Why we love data driven performance management? (And you should too!)

Why we love data driven performance management? (And you should too!)

We have consistently written about how annual performance reviews (done traditional way) rarely provide any value in today’s dynamic work environment.

A typical performance management process consists of self-assessment by employee followed by response from direct manager & then a face 2 face discussion. The process is designed to bring to fore important achievements & potential improvement areas for the employee.

This whole exercise does not account for lack of objectivity from both the parties – employee as well as the manager. That is, even though this process is known to be vulnerable from common psychological biases it is still popular in numerous organizations.

What is data driven performance management?

Data driven performance management is a process that relies heavily on factual data to make informed judgements & decisions about managing employee performance.

Its underlying intent is to bring to the fore, employee strengths & weaknesses in the most objective way. Bypassing all the biased opinions that employee’s manager, peers or direct reports may have. It rests on the fact that an individual can be good or bad at certain aspects of his job & the performance should be managed taking that into consideration. Not based on a blanket judgement.

Challenges in managing performance driven by data:

Today, data analytics plays huge role in many decision making processes in an organisation. However, such analytics haven’t been consistently used to monitor individual performance, with a few exceptions of course.

The primary reason being the amount of work being done by employees may not generate sufficient data to analyze. Secondly it is difficult to obtain such data as employees typically collaborate with multiple entities/departments within the organization. And lastly everyone is simply too busy firefighting to actually invest a significant amount of time in data analysis.

 

By using data driven analytics for performance management, large volumes of data can be translated into meaningful information about how employees have performed over a period.

 

There could be multiple data points that could be pivotal to an organisation’s employee performance management strategy. But almost in all the cases, these data points will differ across organisations, departments, roles etc.

That doesn’t mean this data shouldn’t be gathered at all. It simply conveys that organisations will need to invest some resources till they formulate & streamline a data driven employee performance management strategy.

Once there, recent advances in machine learning & predictive analytics will start bringing in exponential return on that investment.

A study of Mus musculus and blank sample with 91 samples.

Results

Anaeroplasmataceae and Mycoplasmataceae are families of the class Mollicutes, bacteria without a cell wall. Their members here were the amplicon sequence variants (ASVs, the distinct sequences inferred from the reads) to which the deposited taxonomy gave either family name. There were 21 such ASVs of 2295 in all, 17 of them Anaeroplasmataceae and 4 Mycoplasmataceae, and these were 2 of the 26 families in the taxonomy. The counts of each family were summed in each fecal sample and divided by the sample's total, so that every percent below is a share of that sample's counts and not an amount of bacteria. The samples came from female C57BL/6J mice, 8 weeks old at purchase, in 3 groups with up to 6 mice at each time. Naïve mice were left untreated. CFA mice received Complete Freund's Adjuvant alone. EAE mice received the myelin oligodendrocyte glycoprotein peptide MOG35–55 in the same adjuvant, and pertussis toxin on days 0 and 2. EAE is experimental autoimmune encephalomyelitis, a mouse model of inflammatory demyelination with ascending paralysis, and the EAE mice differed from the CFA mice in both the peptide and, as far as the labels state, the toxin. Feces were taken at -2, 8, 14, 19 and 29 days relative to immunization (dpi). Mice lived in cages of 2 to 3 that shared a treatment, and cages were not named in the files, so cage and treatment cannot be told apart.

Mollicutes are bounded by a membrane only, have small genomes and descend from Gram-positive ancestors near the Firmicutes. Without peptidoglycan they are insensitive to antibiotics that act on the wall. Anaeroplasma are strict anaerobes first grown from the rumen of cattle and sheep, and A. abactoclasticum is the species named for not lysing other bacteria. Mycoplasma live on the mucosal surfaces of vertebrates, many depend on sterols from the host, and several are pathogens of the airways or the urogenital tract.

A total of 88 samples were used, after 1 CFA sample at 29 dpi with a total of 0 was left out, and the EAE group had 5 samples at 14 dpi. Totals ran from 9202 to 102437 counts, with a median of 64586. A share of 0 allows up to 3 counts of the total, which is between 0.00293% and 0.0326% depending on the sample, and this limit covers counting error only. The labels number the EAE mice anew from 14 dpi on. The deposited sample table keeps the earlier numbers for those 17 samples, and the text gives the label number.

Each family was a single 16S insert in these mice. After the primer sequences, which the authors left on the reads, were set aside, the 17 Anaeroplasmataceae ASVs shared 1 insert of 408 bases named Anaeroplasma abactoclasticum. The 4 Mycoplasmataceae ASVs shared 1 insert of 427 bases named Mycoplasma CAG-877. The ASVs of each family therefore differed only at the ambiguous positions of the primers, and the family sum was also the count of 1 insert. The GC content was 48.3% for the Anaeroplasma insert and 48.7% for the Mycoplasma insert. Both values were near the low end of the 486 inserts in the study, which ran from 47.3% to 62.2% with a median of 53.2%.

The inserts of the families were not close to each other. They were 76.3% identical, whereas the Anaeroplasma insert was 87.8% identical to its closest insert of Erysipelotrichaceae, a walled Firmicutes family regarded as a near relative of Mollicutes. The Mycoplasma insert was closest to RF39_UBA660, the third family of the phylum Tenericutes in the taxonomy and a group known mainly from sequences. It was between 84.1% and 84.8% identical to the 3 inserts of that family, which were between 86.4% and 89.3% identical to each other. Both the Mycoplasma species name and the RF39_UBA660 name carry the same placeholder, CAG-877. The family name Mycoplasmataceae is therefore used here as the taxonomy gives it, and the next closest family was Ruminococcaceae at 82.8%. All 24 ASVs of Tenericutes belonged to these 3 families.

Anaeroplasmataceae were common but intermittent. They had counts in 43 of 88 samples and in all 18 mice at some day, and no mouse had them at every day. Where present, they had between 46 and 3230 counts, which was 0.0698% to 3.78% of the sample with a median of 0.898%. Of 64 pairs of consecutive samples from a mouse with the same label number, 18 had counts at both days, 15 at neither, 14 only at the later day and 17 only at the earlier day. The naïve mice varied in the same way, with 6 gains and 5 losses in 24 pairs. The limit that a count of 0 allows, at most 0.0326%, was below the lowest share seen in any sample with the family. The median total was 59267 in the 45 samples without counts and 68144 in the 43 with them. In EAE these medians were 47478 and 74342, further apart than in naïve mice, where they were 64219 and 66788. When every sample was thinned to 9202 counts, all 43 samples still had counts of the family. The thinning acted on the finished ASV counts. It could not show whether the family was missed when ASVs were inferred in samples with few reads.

Below, we have gathered a few data points that could be instrumental in helping you build your employee performance strategy. Some of these data points could be generic whereas other could be specific to a role or a function.

Data points for performance management

Feedback from multiple sources & over a period of time

Rather than doing annual or even semi annual reviews, make them more frequent. Gather these feedback items from multiple sources, not just managers. This will allow you to get rid of (to an extent) the recency & confirmation biases.

Additionally train people to provide feedback along with as much context as possible. That lets you see the big picture down the line, when the feedback is being analysed.

Measurable goals that are tracked more frequently

Annual goal setting is known to be a wastage of resources, due to its ‘set & forget’ nature. The set & forget philosophy of goal setting is proven to be ineffective. If you are seriously looking to gather factual data around employee’s corporate goals, use OKRs or SMART methodology.

Not just set the goals measurable & time bound, ensure they are updated more frequently. These frequent updates along with final grades will provide you with a holistic view of the employee’s efforts.

Adherence to timelines

We would recommend giving employees freedom to perform the tasks they own. That doesn’t mean tasks should not be time bound, it just means ‘stay away from micro-management‘. And whenever there is an instance that deserves praise or improvement, document it for future reference.

Quality of deliverables

While measuring quality for some functions could be very straight forward, for others it could be a peculiar challenge. e.g. Sales teams are known to be measured by the dollars they earn. But do we know the most common metrics used by other functions for example technical writers?

Before measuring the quality, its important to document the metrics & agree on them with respective employees. Make sure there is no room left for interpretation.

Innovation

Innovation is one of those aspects, that are immensely challenging when it comes to their measurement. Having said that, the academics have definitely advanced the research so as to allow us objective measurement of innovation.

For example, one of the recent measurements for innovation is RoPDE (Return on Product/Service Development Expense). Interestingly, RoPDE is derived from standard accounting data.

As mentioned earlier, there could be number of data points related to efficiency, effectiveness, relationships at work, work-life balance and so on. It all is going to revolve around your company values.